Can an I-9 be filled out remotely?
On October 11, 2022, the Department of Homeland Security (DHS) and U.S. Immigration and Customs Enforcement (ICE) announced a nine-month extension until July 31, 2023, of the policy allowing remote, virtual verification of the documentation required for a Form I-9 when a workforce is working remotely.
The range of possible penalties is regularly increased and now stands at: For 1-9 paperwork violations in 2022, the penalties range from $252 to $2,507 for the first offense for substantive violations or uncorrected technical errors. The range is $1,161 to $2,322 for second and subsequent paperwork offenses.
Employers must complete and sign Section 2 of Form I-9, Employment Eligibility Verification, within 3 business days of the date of hire of their employee (the hire date means the first day of work for pay). For example, if your employee began work for pay on Monday, you must complete Section 2 by Thursday of that week.
If an employee is unable to present the required document or documents within three business days of the date employment begins, the employee must produce an acceptable receipt in lieu of a document within the three days.
Remote hires must complete Section 1 of the form, and the employer's agent or representative must complete Section 2 completely, including a tactile inspection of the employee's documents. This eliminates the need to photocopy documents and send them to human resources for section 2 completion.
Employers may designate an authorized representative to fill out Forms I-9 on behalf of their company, including personnel officers, foremen, agents or notary public.
An I-9 audit can be triggered for a number of reasons, including random samples and reporting by disgruntled employees (or ex-employees). Certain business sectors, for example food production, are especially susceptible to I-9 audits, and "silent raids" by ICE.
You may be subject to criminal charges if you lie or present false documents for Form I-9.
The verification can be completed before the employee begins work for pay; The latest — three days after the new hire's first day of work for pay, unless the employee will work for fewer than three days; for them, you must verify no later than the first day of work for pay.
All U.S. employers must properly complete Form I-9 for each individual they hire for employment in the United States. This includes citizens and noncitizens. Both employees and employers (or authorized representatives of the employer) must complete the form.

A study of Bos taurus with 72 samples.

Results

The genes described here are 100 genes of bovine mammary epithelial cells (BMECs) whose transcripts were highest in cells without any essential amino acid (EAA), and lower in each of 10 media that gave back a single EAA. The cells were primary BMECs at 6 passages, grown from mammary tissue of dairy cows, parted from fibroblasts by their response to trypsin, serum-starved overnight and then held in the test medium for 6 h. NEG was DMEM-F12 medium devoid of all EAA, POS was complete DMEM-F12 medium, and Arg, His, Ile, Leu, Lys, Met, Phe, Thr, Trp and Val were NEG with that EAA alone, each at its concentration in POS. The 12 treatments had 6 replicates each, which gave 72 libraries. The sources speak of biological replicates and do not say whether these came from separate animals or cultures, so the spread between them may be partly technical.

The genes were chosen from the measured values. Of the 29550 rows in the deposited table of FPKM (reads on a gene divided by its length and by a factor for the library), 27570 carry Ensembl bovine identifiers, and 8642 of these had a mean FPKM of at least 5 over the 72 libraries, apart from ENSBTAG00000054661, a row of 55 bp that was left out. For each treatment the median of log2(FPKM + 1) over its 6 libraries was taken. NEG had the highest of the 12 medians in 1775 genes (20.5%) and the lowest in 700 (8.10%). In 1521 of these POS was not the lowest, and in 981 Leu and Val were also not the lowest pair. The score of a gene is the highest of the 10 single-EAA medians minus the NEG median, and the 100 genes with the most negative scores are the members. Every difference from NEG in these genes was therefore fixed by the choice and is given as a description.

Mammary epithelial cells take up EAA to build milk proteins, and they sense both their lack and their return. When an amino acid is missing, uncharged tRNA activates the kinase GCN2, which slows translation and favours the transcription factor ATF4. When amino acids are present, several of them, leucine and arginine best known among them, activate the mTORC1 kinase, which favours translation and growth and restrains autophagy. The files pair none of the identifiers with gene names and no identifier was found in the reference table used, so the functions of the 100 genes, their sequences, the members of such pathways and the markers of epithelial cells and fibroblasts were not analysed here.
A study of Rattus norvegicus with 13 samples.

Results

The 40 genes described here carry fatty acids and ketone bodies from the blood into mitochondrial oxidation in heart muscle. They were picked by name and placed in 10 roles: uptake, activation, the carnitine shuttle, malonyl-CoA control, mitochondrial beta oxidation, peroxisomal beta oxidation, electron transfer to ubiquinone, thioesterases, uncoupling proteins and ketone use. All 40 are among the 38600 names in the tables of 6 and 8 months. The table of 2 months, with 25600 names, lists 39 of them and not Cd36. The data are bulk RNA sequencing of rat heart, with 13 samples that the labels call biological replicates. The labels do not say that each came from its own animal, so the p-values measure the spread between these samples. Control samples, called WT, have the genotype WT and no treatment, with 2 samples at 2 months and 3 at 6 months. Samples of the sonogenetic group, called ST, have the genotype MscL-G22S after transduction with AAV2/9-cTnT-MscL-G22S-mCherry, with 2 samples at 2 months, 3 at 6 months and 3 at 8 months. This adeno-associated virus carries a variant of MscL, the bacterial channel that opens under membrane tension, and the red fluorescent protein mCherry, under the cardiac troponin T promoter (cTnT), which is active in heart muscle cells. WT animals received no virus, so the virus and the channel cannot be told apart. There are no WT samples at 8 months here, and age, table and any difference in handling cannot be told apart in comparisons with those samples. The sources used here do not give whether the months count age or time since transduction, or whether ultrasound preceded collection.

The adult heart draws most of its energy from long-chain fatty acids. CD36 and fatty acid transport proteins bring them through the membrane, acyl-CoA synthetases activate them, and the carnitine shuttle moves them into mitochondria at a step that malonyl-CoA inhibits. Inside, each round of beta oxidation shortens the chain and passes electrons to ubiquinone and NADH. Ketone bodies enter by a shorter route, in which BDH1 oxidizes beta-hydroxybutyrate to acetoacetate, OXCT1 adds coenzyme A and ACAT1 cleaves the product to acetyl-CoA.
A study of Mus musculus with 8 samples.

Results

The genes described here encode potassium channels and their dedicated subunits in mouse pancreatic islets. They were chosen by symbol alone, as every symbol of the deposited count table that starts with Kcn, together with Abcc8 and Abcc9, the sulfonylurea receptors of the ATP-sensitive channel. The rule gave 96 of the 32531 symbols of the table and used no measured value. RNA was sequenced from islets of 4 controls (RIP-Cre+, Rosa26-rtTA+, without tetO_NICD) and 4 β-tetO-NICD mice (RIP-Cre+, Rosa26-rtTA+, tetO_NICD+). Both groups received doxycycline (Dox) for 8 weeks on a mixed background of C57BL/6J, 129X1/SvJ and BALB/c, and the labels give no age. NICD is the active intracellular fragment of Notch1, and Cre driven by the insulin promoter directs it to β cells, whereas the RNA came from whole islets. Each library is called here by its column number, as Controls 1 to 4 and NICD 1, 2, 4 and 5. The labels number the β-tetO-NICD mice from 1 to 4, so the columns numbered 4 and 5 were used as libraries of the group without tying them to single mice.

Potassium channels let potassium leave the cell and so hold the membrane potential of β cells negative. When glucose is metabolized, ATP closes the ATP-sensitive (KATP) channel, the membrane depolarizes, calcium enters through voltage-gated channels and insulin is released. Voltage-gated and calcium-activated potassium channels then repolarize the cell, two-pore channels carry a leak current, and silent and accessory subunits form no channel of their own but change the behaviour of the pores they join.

What happens if I don't do an E-Verify within 3 days?
Yes, if you did not create a case in E-Verify within three business days after the employee's first day of employment, you must create a case as soon as possible. E-Verify will prompt you to enter the reason for the delay.
Remote I-9 allows your hires to select a third party (friend, family member, roommate, etc.) to review their documents and complete Section 2 of their I-9. This means there's no need for new employees to come into a corporate office or visit an authorized I-9 Agent.
Employees rehired more than three years after completing the Form I-9 must complete a new Form I-9. Employees who cannot produce documentation to complete the Form I-9 within three days of hire must not work or be paid.
E-Verify participants who choose the remote inspection option should follow current guidance and create cases for their new hires within three business days from the date of hire. Please see the E-Verify website for additional information. Looking for U.S. government information and services?
Remote Form I-9 processing is for employees who will be working from a remote location (will not be physically working on a UWF campus) and/or who are unable to come to a UWF campus location to complete their I-9 and have their documents verified.
Employee must complete and sign Section 1 of the I-9 and send it to the employer in hard copy via postal mail or through electronic means.
“You may designate an authorized representative to act on your behalf to complete Section 2. An authorized representative can be any person you designate to complete and sign Form I-9 on your behalf.